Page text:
January 25, 2010

Distinguished Teaching Scholars share know-how

Professor Jeff Rosensweig

The seasoned faculty gathered for a recent Distinguished Teaching Scholars seminar to debate, discuss and share best pedagogical practices. Center for Faculty Development and Excellence (CFDE) Director Laurie Patton posed provocative questions as each scholar contributed unique insight from their respective schools and disciplines.

Continuing the CFDE’s mission to build intellectual community, the Distinguished Teaching Scholars program is designed to honor Emory faculty who are leading teachers, and create a university-wide conversation around pedagogy.

“One of the things that we can always do well at the university is reflect carefully and seriously about pedagogical practice, and how the pedagogical practices converge with our individual and collective intellectual agendas,” says Patton.

The CFDE designed the program to serve several different functions. The fellowship “creates prestige, it creates gravity and weightiness around serious intellectual questions of teaching, and it creates a sense of energy that can be shared within each of the units,” explains Patton.

Nominated by their deans, the first cohort of Distinguished Teaching Scholars includes Morgan Cloud, Law School; Sarah Freeman, School of Nursing; Andrew Furman, School of Medicine; Jeff Galle, Oxford College; Tom Lancaster, Emory College; Jeff Rosensweig, Business School; Brent Strawn, School of Theology; and Nancy Thompson, School of Public Health.

Each scholar is an exemplar in their field, says Patton. As intellectual leaders on pedagogy in their individual units, the scholars work with the CFDE to nurture initiatives on teaching.

Galle, Oxford College associate professor of humanities, was the featured presenter at the most recent Distinguished Teaching Scholars seminar. The rotating presenter post allows the scholars to seek peer feedback on the teaching or research project they’re implementing as part of their fellowship.

Galle, who also directs Oxford’s Center for Academic Excellence, shared the curriculum redesign and inquiry-driven model for general education programs Oxford is currently exploring. Galle noted after his presentation that the feedback from his colleagues was valuable. “It’s a real give-and-take,” he notes.

Thompson took notes during Galle’s presentation, making connections to her own work in Rollins School of Public Health.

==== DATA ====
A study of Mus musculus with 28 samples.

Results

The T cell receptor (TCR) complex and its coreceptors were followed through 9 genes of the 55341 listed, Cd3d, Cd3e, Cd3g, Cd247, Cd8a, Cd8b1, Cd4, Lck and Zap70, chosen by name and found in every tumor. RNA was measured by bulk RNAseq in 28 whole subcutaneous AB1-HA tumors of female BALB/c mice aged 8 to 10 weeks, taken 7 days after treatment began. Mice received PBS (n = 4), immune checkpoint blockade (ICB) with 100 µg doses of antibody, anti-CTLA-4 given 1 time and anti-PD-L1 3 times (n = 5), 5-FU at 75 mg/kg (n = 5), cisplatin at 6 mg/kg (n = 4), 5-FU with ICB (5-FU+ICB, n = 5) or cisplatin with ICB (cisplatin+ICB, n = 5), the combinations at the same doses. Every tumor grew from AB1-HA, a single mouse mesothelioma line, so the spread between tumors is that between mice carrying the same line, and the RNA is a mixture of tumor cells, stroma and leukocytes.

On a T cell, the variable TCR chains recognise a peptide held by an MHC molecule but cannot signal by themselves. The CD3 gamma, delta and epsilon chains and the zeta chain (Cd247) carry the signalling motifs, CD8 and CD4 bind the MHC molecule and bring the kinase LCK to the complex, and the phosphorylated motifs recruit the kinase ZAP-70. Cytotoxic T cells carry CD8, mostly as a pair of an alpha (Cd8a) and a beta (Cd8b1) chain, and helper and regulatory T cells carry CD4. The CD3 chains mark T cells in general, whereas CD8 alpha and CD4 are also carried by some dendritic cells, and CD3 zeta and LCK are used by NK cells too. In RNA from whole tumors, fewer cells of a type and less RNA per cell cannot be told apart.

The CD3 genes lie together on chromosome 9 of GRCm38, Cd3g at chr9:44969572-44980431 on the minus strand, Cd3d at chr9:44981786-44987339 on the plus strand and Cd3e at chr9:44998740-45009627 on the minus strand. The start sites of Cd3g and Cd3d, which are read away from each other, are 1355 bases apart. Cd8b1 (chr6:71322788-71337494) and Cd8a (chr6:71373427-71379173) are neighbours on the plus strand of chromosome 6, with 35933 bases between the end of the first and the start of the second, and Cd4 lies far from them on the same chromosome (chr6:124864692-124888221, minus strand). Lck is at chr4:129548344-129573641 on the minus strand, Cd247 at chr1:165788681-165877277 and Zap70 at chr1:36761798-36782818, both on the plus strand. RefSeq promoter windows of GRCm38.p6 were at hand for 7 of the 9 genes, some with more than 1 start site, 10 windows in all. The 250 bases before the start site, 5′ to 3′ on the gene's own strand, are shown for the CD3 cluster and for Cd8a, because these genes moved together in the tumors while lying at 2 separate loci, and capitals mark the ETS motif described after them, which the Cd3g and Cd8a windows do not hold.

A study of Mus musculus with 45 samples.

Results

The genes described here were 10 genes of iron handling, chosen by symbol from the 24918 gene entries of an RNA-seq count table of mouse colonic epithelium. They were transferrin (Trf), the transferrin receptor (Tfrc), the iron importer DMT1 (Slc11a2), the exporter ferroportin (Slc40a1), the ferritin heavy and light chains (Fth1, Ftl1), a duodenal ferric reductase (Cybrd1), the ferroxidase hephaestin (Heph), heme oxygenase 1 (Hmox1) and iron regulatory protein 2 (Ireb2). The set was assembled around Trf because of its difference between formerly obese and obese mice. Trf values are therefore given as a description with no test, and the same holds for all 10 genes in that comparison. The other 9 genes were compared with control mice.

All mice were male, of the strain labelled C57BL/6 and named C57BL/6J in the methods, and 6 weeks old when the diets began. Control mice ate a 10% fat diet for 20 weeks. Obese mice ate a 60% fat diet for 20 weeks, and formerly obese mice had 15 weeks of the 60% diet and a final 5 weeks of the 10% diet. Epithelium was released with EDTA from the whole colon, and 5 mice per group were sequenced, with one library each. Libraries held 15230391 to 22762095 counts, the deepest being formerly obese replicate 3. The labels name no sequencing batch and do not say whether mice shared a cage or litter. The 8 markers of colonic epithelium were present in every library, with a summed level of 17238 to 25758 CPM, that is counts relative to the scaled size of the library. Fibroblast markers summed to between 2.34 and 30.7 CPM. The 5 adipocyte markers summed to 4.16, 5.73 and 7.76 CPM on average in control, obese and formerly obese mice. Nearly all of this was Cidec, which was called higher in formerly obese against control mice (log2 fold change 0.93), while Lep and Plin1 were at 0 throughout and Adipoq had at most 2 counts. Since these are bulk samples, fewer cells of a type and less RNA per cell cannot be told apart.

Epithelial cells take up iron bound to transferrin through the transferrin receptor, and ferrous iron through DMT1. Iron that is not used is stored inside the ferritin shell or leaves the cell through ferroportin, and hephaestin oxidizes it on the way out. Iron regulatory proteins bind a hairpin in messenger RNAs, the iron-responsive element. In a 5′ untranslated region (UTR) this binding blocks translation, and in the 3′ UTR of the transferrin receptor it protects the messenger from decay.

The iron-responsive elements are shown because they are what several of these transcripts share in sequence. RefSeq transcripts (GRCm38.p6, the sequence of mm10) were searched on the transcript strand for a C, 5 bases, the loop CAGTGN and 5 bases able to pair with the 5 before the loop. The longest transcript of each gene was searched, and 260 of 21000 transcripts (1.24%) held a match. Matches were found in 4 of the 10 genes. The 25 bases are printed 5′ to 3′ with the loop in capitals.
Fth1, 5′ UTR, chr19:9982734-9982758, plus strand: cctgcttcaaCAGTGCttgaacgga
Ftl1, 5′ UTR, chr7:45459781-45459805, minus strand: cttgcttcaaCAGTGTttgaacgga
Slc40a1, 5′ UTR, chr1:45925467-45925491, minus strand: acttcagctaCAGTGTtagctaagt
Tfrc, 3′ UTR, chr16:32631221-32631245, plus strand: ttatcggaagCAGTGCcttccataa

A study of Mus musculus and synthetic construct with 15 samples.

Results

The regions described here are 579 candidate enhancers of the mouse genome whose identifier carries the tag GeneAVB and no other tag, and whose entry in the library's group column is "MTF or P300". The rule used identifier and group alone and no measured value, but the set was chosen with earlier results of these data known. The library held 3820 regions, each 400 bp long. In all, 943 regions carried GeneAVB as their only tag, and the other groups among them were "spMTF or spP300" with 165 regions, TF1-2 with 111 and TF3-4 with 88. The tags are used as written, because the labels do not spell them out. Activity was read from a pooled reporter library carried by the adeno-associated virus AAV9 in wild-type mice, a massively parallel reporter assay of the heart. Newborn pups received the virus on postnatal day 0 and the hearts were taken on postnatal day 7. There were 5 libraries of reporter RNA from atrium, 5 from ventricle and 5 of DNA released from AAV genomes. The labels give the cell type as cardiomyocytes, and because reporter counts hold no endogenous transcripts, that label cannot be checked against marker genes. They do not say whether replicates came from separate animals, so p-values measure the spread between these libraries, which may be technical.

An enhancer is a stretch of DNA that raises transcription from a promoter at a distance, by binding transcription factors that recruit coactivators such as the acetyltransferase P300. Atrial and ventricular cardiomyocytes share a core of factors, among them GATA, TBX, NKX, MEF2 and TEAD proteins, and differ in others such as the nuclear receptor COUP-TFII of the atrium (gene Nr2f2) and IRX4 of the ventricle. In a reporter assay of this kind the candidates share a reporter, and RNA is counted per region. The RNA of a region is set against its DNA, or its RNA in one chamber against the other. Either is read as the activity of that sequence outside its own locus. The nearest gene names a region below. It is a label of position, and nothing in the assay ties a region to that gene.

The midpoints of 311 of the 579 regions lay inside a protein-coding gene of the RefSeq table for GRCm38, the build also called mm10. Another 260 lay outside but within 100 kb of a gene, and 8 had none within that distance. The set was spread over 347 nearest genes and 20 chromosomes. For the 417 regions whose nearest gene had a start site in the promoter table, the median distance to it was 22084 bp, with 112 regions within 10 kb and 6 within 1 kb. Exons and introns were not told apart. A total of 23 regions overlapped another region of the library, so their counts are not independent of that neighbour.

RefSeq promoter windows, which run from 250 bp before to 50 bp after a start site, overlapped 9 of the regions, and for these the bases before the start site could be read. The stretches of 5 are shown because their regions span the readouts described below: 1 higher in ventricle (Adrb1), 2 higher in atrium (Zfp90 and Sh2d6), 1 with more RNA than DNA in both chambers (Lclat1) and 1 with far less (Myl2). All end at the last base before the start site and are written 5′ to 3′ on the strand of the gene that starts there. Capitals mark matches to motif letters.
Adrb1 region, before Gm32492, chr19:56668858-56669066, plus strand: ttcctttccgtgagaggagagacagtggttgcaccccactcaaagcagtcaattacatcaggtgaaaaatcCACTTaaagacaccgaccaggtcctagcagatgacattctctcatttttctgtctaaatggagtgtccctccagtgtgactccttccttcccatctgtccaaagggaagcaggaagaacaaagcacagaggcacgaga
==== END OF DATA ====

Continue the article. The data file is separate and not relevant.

“Jeff’s presentation on inquiry-driven teaching stimulates me to think about all the classes I teach and what I could do differently or better,” said the associate professor of behavioral sciences and health education who holds a joint appointment in epidemiology.

Thompson’s fellowship project is to interview public health professionals — from lab workers to state health directors — about their most influential teacher in an attempt to find common themes and how they could be applied to public health teaching methods and messages.

The program provides a discretionary professional development account for one year, used to support teaching and research activities.

Thompson, for example, will use the stipend to hire doctoral students to help conduct the research, incentivize study participants and cover the cost of interview transcriptions.

The Distinguished Teaching Scholar program is among the many ways the CFDE is helping to strengthen faculty distinction, a key priority of Emory’s strategic plan.

Thompson says she appreciates the opportunity to participate in a faculty development program at this level of her career.

“It’s very inspiring to me to get fresh ideas from people doing creative teaching,” says Thompson.

After their year of participation, Distinguished Teaching Scholars will have the opportunity to meet together for follow-up conversations and to advise the CFDE about its ongoing work. Patton hopes the torch lit by the scholars’ pedagogical projects will be passed to the next cohort for “a sense of integration across the University and each group of fellows.”